The contribution limits for both traditional and Roth IRA's for 2019 and 2020 are $6,000. Taxpayers who are age 50 and above are permitted to contribute an additional $1,000 to $7,000. There is no age limit on IRA contributions based on the new tax law changes
The dollar limit to qualify for deductible contributions to an IRA for a taxpayer who is not an active participant but whose spouse is an active participant is $196,000 for 2020.
Many taxpayers may not be eligible for a deduction to a traditional IRA. A deductible contribution is dependent on whether you are covered by another retirement plan. For 2019 if your income is above $64,000 single or $103,000 married filing joint your contribution begins to phase out if you are covered by another plan. If you and your spouse are not covered by a retirement plan you may contribute to and deduct contributions to an IRA without income limitations.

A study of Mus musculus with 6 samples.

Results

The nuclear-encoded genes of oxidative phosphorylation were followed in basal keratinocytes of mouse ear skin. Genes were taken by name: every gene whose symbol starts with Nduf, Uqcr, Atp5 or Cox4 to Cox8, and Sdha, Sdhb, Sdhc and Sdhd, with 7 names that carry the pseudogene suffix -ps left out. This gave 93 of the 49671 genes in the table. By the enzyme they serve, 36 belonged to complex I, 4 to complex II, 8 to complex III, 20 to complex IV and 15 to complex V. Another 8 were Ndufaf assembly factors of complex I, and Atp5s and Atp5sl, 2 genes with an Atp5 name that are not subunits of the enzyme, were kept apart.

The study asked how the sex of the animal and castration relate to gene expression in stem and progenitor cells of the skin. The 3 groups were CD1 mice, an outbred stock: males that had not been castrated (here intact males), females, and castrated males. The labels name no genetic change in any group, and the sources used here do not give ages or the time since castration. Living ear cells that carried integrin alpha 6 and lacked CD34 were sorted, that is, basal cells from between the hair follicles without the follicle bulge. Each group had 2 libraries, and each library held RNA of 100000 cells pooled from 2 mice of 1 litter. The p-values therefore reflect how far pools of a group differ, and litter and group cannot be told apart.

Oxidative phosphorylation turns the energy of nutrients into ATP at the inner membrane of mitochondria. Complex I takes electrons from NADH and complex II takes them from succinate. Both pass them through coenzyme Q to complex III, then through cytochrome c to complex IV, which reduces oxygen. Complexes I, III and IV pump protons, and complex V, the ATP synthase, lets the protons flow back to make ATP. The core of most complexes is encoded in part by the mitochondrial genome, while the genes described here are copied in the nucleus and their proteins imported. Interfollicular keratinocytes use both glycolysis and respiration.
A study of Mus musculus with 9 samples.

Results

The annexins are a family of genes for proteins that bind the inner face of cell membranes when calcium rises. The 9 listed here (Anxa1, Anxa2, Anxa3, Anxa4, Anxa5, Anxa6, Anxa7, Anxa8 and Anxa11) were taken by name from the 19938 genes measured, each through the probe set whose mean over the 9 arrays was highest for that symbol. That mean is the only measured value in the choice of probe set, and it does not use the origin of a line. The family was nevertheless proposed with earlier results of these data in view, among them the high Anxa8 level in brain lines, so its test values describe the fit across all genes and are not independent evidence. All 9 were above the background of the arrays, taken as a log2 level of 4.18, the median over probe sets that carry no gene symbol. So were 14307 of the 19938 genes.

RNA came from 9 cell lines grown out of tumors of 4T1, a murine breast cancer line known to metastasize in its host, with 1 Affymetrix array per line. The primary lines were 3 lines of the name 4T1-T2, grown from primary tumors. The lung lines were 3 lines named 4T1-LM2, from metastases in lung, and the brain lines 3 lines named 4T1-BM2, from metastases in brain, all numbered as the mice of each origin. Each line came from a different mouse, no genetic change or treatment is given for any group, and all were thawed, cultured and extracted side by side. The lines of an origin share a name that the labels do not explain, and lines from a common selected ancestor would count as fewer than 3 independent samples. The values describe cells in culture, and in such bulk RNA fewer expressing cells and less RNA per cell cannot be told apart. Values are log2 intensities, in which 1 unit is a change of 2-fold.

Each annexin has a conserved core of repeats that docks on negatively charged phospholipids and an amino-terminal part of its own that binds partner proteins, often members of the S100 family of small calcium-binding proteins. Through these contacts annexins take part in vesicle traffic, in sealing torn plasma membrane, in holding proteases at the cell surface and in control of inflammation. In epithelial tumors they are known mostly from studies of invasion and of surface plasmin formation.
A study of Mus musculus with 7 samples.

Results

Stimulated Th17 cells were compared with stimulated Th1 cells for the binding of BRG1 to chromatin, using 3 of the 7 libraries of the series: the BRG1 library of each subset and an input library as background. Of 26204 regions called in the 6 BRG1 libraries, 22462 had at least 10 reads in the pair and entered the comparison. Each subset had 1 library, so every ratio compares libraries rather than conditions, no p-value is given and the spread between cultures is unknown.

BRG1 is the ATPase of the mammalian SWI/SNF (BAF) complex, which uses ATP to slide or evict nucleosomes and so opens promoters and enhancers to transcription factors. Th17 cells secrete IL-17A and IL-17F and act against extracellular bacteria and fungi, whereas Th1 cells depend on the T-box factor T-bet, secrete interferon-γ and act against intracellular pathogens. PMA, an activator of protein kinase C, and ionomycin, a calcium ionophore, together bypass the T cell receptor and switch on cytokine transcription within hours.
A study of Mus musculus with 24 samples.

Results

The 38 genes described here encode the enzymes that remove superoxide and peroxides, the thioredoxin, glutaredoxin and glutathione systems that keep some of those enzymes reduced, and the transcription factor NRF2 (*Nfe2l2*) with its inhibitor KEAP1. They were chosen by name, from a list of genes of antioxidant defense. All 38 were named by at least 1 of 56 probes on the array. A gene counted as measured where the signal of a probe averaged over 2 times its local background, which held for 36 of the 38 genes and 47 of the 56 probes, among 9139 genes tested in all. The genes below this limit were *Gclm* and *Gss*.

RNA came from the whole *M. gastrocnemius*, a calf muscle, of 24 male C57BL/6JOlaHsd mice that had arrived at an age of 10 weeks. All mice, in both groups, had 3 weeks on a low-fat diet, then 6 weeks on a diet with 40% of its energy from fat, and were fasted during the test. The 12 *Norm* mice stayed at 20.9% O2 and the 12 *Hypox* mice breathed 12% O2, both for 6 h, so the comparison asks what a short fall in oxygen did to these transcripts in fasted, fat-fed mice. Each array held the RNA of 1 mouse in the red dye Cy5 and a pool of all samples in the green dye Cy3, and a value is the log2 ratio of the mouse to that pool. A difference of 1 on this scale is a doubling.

The limits for 401(k) contributions and Roth 401(k) contributions for 2019 are $19,000 with an additional $6,000 allowed as a catch up contribution for employees over the age of 50. The limits increase to $19,500 in 2020 and the catch up contribution limit increases to $6,500 for a total of $26,000 that can be contributed by an individual over age 50.
Distributions will be required for traditional 401(k) plans once an individual reaches age 70 1/2 (changed to age 72 for individuals starting in 2020).
Minimum Distribution Rules - updated for 2020
Distributions are required by retirement plans (other than ROTH IRA's) when a person reaches age 70 1/2 during 2019. Commencing in 2020 minimum distributions are now required in the year the taxpayer reaches age 72. The first minimum distribution must be taken by April 1 of the year following the year the individual turns age 70 1/2 (age 72 for those turning 72 in 2020 and beyond). Thereafter, a minimum distribution must be withdrawn every year. The withdrawals are calculated on the previous year ends fund balance and divided by an IRS table factor. If a taxpayer waits until April 1 to take their first withdrawal then they effectively must take two withdrawals in that year. Tax planning is important here as the additional withdrawal can have significant tax consequences when two withdrawals are taken in the first year. Remember, Medicare premiums are increased at certain income levels.